Karaoke highlights the night life at Beverly Beach
BEVERLY BEACH -- On Saturday night, Pat Mynes and her "buddy" Sid rock the mic at The Shark House in Beverly Beach.
Mynes, who lives in the Hammock, has performed karaoke at the restaurant and bar for the past 12 years -- with dummies. The ventriloquist has performed with dummies for more than 30 years and often at The Shark House with Sid, the old biker, or Joe, the smoking camel who coughs while he sings.
Mynes calls the dummies her "buddies." They sit on her lap and croon along to the songs, she said.
Sid -- who wears a leather vest and sings with a gruff voice -- loves to belt out tunes like "I Love This Bar" by Toby Keith or "I Got You Babe" by Sonny and Cher, Mynes said.
People who are initially hesitant to sing before crowds often loosen up after they see Sid, Mynes said.
"I bring him out and have him do a song or two," she said "So it kind of breaks the ice."
Mynes, who performs three times a week, said she loves singing karaoke with her "buddies" and the locals who come to The Shark House. "I have a great time," she said.
And so do the regulars. Mike Morgan of Palm Coast is one in a community of singers who takes pleasure in karaoke. The retiree who was in a band "about 100 years ago" is known around Flagler County for his Marvin Gaye renditions.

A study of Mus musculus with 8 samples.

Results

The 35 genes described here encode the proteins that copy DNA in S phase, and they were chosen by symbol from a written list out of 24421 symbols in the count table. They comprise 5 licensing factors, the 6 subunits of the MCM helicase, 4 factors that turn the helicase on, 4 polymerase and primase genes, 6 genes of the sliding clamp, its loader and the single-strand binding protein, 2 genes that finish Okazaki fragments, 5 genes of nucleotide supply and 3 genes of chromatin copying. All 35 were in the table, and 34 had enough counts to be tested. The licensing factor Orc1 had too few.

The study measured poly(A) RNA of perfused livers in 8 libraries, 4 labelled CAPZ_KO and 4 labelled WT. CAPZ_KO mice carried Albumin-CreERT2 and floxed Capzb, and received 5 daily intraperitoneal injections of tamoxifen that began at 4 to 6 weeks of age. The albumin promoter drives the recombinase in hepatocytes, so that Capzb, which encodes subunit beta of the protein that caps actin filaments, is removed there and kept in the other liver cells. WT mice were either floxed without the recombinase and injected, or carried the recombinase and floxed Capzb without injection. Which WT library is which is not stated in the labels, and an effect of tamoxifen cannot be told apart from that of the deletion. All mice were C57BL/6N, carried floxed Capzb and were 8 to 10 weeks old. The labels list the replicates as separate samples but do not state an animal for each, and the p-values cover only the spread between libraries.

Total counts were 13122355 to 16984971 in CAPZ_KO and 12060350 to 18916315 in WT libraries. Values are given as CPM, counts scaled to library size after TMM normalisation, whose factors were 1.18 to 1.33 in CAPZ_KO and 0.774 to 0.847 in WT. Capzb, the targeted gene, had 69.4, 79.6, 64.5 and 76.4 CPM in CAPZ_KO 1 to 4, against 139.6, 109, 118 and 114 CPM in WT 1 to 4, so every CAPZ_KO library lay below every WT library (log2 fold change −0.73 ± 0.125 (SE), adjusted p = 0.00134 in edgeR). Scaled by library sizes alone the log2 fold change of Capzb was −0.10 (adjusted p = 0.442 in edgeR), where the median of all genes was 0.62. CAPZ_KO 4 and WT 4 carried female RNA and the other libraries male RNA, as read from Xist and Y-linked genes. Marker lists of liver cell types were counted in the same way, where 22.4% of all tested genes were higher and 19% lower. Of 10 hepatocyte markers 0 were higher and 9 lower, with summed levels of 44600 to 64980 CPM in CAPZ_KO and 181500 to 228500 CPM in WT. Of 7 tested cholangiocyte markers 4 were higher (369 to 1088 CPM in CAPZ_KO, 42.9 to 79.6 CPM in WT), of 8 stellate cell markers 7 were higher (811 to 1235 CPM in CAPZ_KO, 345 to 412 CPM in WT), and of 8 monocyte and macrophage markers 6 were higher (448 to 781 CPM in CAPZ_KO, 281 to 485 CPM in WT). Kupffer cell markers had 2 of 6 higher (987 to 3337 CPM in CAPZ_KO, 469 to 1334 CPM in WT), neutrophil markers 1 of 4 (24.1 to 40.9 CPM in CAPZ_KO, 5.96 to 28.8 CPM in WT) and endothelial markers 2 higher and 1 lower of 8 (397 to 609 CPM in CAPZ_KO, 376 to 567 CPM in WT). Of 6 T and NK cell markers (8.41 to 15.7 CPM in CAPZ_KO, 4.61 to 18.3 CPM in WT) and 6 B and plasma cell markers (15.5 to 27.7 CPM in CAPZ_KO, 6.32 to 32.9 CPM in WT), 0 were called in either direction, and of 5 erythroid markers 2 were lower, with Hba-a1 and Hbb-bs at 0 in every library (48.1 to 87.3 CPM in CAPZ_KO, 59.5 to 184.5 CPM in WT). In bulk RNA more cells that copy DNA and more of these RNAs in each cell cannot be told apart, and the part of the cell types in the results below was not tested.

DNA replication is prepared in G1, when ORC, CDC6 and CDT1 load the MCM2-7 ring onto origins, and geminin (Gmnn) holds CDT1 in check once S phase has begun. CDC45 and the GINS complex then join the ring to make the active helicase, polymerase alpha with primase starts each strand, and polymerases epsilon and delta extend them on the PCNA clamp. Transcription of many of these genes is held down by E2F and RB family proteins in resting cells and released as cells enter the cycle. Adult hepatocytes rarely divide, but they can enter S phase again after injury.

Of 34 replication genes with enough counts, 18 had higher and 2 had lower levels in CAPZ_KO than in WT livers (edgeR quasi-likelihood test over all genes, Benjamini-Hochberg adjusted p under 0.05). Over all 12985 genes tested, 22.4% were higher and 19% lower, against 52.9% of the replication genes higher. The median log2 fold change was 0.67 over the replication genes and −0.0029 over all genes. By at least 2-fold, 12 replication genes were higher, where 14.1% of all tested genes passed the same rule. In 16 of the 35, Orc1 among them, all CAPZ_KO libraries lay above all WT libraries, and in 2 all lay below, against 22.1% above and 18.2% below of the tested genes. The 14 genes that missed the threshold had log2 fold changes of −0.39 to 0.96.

"I guess it's like how somebody would wear a Dale Earnhardt shirt," he said. "It's just a small way to say, 'Marvin, I miss you.' "
Regulars say about 50 to 200 people or so travel from bar to bar during the week throughout the county. They've become friends from their routine, cheering and slow dancing during the four-hour shows.
Flagler Beach resident Gladdys B. Chesser started singing karaoke when she was 76. Now 80, she's a regular, and residents say they've seen her dancing at a Flagler Beach bar, Finnegan's, until 2 a.m.
And some folks have gotten married, said karaoke show host Harry Smith.
The host runs his show, Harryoke!, six nights a week, a favorite among locals. In 2004, residents had a 12-hour benefit concert for Smith after he broke his neck and split open his head in a car crash. He didn't have health insurance at the time.
And after months of recuperating, Smith is back in action. He said the karaoke industry has changed some over the years.
He's wary of hosts who use pirated music to offer a wider selection. And though television show "American Idol" has encouraged more people to practice their singing, Smith posts an essay on his MySpace Web page about the pitfalls of "American Idol" and how he thinks the contests are rigged.
His waist-length ponytail blows in the air conditioning on stage as he nimbly shuffles through his thousands of songs and calls singers "Angolalala" or "Sassy" onto the stage.
"If you have an interest in getting a tattoo, you'd seek it out," he said, drawing a comparison to the karaoke following. "Other people work up to the idea, and once they get down to it, it becomes a lifestyle."